Art Therapy a Respite for Children in War Torn Syria
(Photo credit: GOPA)
Crayons and water paints cover tables at an art therapy workshop for Syrian children traumatized by nearly five years of war. Their calm and cheerful voices belie the hardship that they and their families face each day. Among them is Moussa, 9. The young boy was with his father when the car they were riding in was hit by a missile near the Syrian village of Mhardeh. His father died instantly. Moussa escaped with only minor injuries, but suffered major emotional trauma. Moussa and his mother, Faten, are among the many residents of the predominantly Christian village who are suffering from post-traumatic stress disorder due to repeated attacks in the area.
IOCC and Syria partner, Department of Ecumenical Relations and Development (DERD), the humanitarian arm of the Greek Orthodox Patriarchate of Antioch, are providing crisis counseling workshops to Syrian people traumatized by war. The psychological support they receive helps families in need learn how to deal with loss and change their perspective about the future. For the adults, that means guided group discussions, while children find their voice through art and music activities.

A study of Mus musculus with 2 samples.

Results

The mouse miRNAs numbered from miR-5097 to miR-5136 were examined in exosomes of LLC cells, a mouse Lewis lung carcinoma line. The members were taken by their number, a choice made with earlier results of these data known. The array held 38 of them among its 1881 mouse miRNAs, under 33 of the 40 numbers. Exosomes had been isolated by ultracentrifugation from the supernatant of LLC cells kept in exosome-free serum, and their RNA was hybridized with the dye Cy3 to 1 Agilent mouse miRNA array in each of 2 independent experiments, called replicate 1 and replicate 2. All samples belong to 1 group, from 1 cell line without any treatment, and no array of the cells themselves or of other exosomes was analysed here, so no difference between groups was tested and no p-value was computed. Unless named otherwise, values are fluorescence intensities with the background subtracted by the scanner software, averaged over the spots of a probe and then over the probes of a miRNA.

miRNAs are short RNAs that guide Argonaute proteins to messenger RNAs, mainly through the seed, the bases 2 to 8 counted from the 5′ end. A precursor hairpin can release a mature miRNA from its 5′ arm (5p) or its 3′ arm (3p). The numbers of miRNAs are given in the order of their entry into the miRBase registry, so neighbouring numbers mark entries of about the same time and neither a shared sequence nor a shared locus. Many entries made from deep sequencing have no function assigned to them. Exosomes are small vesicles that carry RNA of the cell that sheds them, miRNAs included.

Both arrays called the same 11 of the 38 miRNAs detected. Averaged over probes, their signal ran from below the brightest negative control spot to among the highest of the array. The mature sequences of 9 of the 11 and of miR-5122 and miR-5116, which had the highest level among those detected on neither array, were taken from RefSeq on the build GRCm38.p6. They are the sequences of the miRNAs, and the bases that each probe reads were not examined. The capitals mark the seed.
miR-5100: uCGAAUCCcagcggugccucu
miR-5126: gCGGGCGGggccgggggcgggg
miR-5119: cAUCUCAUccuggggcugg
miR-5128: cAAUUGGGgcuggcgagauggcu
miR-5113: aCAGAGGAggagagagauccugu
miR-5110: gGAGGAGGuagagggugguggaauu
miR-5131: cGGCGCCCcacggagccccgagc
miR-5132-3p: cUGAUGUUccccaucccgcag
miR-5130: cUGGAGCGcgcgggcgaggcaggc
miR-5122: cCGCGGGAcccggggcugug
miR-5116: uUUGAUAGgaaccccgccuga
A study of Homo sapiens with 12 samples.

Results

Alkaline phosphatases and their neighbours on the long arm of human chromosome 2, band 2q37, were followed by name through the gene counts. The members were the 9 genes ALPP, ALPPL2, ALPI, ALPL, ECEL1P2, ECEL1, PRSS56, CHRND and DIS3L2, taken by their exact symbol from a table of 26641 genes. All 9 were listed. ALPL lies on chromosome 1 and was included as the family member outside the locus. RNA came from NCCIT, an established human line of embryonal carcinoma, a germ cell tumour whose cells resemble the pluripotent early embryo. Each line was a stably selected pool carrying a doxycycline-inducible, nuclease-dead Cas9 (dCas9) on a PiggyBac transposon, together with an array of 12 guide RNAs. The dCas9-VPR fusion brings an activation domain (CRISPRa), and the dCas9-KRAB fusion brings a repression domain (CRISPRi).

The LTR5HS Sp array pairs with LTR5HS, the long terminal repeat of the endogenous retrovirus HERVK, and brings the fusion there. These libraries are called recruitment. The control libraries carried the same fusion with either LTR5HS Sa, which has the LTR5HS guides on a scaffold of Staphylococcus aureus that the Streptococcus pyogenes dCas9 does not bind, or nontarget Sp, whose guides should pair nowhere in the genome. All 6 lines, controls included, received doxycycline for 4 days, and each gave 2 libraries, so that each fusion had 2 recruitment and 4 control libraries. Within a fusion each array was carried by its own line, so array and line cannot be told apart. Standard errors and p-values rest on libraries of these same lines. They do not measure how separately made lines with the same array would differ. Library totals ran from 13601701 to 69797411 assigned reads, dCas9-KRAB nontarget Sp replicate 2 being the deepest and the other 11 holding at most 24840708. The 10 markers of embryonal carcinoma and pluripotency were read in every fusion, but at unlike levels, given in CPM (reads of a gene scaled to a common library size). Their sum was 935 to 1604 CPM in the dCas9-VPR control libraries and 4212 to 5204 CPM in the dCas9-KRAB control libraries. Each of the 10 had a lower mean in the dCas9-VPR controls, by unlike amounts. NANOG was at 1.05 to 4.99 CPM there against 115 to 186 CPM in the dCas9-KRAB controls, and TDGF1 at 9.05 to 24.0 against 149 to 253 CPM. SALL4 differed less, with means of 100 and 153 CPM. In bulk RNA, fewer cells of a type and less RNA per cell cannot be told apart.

Moussa and Faten hadn't left their house since the day of the deadly attack. They ventured out for the first time to attend the crisis counseling workshop and have been feeling better since, for which Faten and her daughter, Maya, 15, are very grateful. "From heaven, my father asked God to send this to us so my little brother could leave the house once again," said his sister.